Re: Contracts & Usage (was Re: FilterProxy and DFSG)
Scripsit Edmund GRIMLEY EVANS <email@example.com>
> > But in order for it to have any legal validity, you do need to have a
> > little click-here-to-agree thing before the user uses the program.
> How can that make any difference? Assuming that we are talking about
> law of contract here, how can clicking on a button in the privacy of
> your own home can be interpreted as a communication between you and
> another party?
Obviously there can only be a contract under the assumption that the
user needs some right that he has not automatically got before he
clicks the button. Probably the argument goes that we're talking about
the right to do the copying that is inherent in executing the program,
but other variations are also possible.
The argument would then go that *ordinarily* the user would expect
that he has got the Mystery Right along with the copy of the program.
However, when he sees the clickwrap license he gets informed that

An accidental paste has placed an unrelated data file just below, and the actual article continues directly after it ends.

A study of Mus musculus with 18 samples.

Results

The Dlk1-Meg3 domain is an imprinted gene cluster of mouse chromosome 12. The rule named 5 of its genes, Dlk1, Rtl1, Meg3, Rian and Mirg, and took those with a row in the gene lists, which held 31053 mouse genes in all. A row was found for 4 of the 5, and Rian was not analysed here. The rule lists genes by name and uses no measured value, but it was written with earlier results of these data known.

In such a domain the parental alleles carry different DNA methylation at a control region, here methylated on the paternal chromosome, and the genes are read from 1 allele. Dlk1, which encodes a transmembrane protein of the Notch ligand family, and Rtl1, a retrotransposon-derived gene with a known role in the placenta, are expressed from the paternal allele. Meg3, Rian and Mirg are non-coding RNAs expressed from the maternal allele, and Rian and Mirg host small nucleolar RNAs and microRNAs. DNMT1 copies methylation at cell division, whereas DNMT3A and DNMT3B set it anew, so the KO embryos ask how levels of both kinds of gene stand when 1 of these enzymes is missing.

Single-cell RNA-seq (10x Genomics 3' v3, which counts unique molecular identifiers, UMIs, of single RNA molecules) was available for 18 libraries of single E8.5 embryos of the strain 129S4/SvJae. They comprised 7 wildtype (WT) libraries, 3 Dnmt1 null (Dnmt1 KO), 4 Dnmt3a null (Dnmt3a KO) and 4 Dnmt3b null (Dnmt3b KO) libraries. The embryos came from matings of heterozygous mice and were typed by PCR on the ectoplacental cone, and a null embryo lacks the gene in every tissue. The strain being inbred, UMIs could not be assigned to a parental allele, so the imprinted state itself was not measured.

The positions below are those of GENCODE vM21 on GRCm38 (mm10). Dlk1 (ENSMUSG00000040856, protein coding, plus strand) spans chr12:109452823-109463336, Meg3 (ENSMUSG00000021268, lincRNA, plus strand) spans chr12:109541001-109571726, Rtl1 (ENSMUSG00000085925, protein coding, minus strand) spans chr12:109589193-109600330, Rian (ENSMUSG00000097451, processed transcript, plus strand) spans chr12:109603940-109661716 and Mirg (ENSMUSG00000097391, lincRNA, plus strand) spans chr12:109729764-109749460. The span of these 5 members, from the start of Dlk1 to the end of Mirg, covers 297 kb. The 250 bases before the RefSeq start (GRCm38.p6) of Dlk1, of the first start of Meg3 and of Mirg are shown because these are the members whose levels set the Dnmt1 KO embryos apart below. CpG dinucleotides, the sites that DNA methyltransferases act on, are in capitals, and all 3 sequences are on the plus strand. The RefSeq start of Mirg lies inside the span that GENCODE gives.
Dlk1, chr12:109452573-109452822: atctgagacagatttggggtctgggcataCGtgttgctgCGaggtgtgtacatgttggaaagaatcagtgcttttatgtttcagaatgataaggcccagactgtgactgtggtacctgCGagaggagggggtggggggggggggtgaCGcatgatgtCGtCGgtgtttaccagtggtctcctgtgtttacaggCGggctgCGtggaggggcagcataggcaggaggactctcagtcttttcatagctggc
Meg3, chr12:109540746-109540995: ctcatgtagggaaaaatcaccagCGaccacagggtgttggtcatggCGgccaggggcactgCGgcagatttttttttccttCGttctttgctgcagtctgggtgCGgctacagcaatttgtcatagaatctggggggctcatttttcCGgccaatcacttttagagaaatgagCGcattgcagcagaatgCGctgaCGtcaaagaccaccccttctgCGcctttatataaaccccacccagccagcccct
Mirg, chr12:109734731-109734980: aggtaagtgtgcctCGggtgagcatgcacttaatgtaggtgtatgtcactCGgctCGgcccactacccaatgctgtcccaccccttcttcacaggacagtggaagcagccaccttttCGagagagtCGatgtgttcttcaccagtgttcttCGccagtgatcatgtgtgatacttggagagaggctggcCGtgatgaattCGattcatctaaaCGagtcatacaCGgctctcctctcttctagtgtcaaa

*this* particular software does not follow the common convention that
the Mystery Right comes along with the physical copy. Because the user
now knows he does not have the Mystery Right, he will be liable if he
nevertheless uses the program without agreeing to the contract
Under this reasoning it will always be possible to claim that "I did
not accept the contract, so I'm guilty of Mystery Right Infringement
instead of breach of contract". If the Mystery Right is assumed this
will, however, not be to the advantage of the defendant and the
possibility can be ignored.
All this is rather far out, but it can probably be made to sound credible
enough to fool a judge here or there...
Henning Makholm "Jeg mener, at der eksisterer et hemmeligt
selskab med forgreninger i hele verden, som
arbejder i det skjulte for at udsprede det rygte at
der eksisterer en verdensomspændende sammensværgelse."